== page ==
Skink is the latest book by Carl Hiaasen for younger readers, as opposed to his usual, adult crime fiction novels. My children and I have read every one of Hiaasen’s offerings so far, and loved them all, with the exception of Flush, which we found not up to his usual standards. Skink is so new that it is still out in hard back, but we were desperate to read more of his stuff and consequently I was despatched to buy it at any price. You can imagine that I was hoping with all digits crossed that it would live up to expectation.
I am happy to say that it indeed does. In this story we see Hiaasen on fine form, telling the story through the narration of teenage Richard, a young man whose best friend and cousin, the strong headed, Malley, has disappeared with a man she met on the internet.
Richard is terrified for her, and rightly so. Malley believes she is strong, clever and smart. She believes she is completely in control of her own destiny and will be able to get herself out of any scrape. She is a bit of a hell raiser, but this time she has bitten off more than she can chew. It turns out that she is not quite as in control as she thought she was, and her running away makes her incredibly vulnerable and puts her in enormous danger.
Richard teams up with an aged eco warrior called Skink who he meets on the beach, trying to protect rare turtle nests from being looted by unscrupulous greed heads. Skink, it turns out, is quite a character, and he and Richard set off into the wilds of Florida to help find Malley.
Hiaasen always writes with a passionate interest in saving the ecology of Florida, which is something my children always enjoy reading about. This time, rather than it being at the forefront of the book, which it was to a large extent in Flush, it is there, but more as a secondary narrative. This works better for us, as the thriller style, race against time tension of the primary narrative really pulls you along as the reader, and as much as the spotting of rare woodpeckers is interesting, you really want it as an aside rather than the meat of a chapter.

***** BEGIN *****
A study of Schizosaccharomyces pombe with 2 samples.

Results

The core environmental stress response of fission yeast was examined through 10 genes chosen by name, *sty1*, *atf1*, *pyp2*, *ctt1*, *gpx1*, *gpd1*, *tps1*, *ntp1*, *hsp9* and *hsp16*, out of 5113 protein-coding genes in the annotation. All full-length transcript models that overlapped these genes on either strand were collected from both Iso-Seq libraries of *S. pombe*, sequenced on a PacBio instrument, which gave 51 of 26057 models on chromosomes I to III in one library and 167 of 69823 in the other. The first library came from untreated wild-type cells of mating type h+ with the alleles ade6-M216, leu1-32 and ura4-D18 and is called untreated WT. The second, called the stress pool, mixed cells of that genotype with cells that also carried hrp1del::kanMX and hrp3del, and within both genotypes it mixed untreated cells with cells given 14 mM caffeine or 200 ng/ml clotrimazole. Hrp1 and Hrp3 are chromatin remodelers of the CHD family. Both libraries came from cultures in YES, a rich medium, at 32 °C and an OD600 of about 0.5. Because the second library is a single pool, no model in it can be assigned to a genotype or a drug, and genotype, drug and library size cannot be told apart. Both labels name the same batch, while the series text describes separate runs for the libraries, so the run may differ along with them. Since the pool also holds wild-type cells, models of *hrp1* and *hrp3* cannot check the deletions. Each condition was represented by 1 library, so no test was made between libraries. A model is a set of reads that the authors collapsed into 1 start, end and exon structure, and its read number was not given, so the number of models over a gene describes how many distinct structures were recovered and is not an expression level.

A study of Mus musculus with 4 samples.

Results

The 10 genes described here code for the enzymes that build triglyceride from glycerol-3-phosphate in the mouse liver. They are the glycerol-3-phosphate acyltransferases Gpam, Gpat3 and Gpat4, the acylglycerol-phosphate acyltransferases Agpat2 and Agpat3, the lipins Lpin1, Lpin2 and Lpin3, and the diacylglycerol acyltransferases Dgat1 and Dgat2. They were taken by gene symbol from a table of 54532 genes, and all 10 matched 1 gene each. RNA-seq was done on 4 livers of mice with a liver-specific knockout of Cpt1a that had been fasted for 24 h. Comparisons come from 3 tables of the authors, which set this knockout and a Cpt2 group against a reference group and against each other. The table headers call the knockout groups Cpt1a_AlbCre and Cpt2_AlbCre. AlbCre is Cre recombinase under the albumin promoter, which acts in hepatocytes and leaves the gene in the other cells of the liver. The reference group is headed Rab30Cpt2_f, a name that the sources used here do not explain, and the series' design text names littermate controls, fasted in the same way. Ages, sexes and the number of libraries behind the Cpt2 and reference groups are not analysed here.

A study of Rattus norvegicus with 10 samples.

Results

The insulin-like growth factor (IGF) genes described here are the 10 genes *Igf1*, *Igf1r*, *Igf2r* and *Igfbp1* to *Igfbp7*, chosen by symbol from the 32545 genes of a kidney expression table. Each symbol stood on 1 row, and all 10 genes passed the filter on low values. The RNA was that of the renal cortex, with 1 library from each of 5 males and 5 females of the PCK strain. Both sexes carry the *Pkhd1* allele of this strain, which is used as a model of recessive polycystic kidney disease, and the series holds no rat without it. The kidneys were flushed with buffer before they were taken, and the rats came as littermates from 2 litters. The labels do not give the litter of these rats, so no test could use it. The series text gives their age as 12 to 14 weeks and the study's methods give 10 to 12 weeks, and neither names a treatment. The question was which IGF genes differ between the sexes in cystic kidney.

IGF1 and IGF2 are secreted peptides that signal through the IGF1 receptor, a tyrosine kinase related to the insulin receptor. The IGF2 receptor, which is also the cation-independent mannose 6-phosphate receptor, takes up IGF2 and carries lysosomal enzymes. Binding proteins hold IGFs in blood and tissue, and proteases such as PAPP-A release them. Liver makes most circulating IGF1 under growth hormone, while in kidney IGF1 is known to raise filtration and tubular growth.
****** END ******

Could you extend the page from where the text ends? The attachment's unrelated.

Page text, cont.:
The thing that makes this book sing out is the character of Skink. I am aware that he features in some of Hiaasen’s best loved adult books, and some reviewers on Amazon have complained that this watered down version of Skink ‘lite’ is no good. I would say that having just read this to a group of eager children ranging in age from 16 to 8, he was a smash hit, and they absolutely loved him, watered down or not.
The humour element is strong in this book, and it helps balance out the fact that this is the darkest of his books for children so far. The issues he deals with are interesting in that they are very relevant to teenagers today. The cyber stalking, internet chat room, and online problems in the book are well handled and should really make children think before they embark on this kind of adventure, and some of them do.
We teach internet safety in primary schools now, and this book, despite the darkness, only hints at the things that Malley has had to endure and because it is not graphic, and has no swearing in it, and the violence is handled in a reasonably humorous way, it could be used for a Year Six (aged 11) primary audience alongside teaching other aspects of internet safety.
Malley is my least favourite character. She is selfish, self absorbed, heedless of the danger she puts herself and others in, and emotionally out of control. I found her very difficult to like, but thinking about her in terms of my review I think she worked well as a vehicle for teaching more self assured children who think they are perhaps more mature than they are, that they are not necessarily as invulnerable as they might think.